Friday 12 May 2023

Tyneham House


Tyneham House - 10" coloured marble vinyl 

Reverse board sleeve and booklet + download code.

 £20.99 +p&p

Read Bob Fischers Interview with the artists behind Tyneham House HERE


Back in 2011 when I was tentatively looking for a second release for my fledging record label, I stumbled upon a mysterious MySpace page by a group called ‘Tyneham House’, the page was decorated with artwork by Rena Gardiner (who was unknown to me at that time) and the music was an other worldly mix of field recordings, Mellotron and acoustic guitar. It turned out that Tyneham was promised to Glen Johnson’s Second Language label, so I offered to do the artwork, and in January 2012 the two labels co-released it on tape and CD in a cardboard box with a handmade booklet of my illustrations. In 2016 Clay Pipe reissued it on 10” vinyl, in an edition of just 300, which has since become sort after. The new 2023 pressing is on blue and transparent marbled vinyl, with reverse board cover and inner sleeve, and the booklet of illustrations has been given a complete redesign. Frances Castle 2023

The pastoral, wistful yet ineffably disquieting music of Tyneham House is made by artists who wish to remain anonymous here, save for their eponymous title. The musicians are happy, however, to let it be known that these recordings have been around for some years (many of them complied from old cassettes) and that they take inspiration from the 1960s/’70s/’80s work of the Children’s Film Foundation – a body who really ought to have made a film about this mysterious West Country curio. At least now we have its endlessly poignant soundtrack.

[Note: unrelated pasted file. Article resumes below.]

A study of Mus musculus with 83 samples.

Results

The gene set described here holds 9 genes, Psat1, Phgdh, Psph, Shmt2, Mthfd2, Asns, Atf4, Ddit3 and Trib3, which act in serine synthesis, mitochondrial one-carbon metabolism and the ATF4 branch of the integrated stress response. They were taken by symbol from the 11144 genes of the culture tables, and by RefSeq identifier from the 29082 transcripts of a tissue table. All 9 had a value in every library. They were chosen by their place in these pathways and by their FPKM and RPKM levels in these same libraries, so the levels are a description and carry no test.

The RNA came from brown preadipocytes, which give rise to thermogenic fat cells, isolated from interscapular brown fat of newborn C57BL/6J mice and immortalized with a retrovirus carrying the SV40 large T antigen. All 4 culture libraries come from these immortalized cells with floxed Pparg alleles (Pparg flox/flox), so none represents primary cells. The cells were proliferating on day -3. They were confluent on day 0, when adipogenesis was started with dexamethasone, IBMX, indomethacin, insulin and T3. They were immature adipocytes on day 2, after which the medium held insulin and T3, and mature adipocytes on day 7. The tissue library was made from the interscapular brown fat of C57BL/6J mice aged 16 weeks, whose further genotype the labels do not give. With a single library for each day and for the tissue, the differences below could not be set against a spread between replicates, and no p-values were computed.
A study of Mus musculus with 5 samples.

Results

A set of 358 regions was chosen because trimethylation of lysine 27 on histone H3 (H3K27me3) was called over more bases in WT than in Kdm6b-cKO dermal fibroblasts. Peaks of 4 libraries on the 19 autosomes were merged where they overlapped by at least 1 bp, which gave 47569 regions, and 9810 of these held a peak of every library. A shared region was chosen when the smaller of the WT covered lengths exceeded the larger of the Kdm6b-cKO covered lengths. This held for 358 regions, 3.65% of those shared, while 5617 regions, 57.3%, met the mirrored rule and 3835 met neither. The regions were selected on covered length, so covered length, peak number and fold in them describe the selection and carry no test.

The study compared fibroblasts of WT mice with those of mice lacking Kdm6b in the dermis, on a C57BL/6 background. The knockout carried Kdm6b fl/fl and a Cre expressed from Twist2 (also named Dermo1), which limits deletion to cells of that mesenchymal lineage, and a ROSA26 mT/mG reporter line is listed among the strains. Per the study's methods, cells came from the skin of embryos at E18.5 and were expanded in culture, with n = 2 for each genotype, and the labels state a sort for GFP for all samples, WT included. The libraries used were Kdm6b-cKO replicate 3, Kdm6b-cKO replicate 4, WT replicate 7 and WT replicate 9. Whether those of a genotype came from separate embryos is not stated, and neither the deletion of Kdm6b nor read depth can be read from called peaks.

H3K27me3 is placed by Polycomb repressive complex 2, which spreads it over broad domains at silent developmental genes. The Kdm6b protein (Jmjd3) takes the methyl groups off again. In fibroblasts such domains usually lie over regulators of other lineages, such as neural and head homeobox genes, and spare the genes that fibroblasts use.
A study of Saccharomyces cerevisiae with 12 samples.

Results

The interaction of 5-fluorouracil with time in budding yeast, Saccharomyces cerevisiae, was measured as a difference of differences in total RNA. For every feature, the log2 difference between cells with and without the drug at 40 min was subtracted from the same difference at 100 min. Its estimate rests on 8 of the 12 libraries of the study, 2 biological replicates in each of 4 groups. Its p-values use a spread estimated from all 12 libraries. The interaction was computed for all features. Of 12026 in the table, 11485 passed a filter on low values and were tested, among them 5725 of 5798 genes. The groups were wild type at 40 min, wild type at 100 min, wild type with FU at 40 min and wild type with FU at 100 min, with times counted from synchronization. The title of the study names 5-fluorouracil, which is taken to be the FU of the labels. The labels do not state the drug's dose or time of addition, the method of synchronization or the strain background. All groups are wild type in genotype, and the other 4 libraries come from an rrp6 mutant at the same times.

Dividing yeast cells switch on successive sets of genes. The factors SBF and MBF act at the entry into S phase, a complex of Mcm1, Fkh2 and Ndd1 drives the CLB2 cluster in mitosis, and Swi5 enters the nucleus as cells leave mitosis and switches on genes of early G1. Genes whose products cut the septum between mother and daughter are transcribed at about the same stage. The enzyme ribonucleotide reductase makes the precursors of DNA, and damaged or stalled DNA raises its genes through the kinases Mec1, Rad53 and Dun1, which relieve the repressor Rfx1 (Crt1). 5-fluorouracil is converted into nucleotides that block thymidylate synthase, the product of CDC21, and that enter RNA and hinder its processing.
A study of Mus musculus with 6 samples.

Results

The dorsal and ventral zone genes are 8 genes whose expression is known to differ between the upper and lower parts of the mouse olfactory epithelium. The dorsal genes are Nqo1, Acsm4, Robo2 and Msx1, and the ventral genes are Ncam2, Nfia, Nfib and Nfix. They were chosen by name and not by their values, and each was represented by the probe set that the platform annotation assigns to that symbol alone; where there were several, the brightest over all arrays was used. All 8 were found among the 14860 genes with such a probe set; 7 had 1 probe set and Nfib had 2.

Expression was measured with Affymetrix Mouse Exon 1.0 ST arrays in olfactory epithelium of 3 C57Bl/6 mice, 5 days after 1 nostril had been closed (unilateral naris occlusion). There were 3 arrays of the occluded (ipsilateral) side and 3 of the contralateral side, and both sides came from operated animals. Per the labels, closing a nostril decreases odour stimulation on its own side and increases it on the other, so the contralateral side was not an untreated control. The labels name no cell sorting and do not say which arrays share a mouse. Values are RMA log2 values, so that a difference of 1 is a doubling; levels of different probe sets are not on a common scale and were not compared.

The small village of Tyneham, on the beautiful Isle of Purbeck, in Dorset, was once a thriving little community – that is until the British Government requisitioned it for training manoeuvres and other ‘strategic purposes’ in the run up to WWII. This was supposed to be a temporary measure, but the area remained in military possession long after hostilities had ceased, causing distress among former inhabitants, many of whom were farmed out to prefabs in nearby Wareham and Swanage.

Tyneham was characterised by its red telephone box, a tiny parade of shops – Post Office Row – and a grand country pile which stood about half a mile away from the village: Tyneham House. The army removed the building’s oak panelling and ornate decorative details and promptly set about using it for target practice. So great was the shame expressed locally about the damage inflicted upon one of Dorset’s grandest houses that the powers that be decided to grow a copse around the remains of the structure to give the impression that it was no longer there. Despite this, a substantial part of the structure remains intact, including its Saxon hall.

Land access around Tyneham was opened up in the 1970s, but admission to the house remains strictly verboten. Those who’ve been found around the premises, especially anyone wielding a camera, have felt the full weight of military trespass law. Tyneham today is regarded as a nature reserve by some – as a national embarrassment by others. It’s still a political hot potato, in Dorset at least.



 A  2nd edition of the Tyneham House Swallows Risograph print will also be available. Printed by Duplikat Press in East London.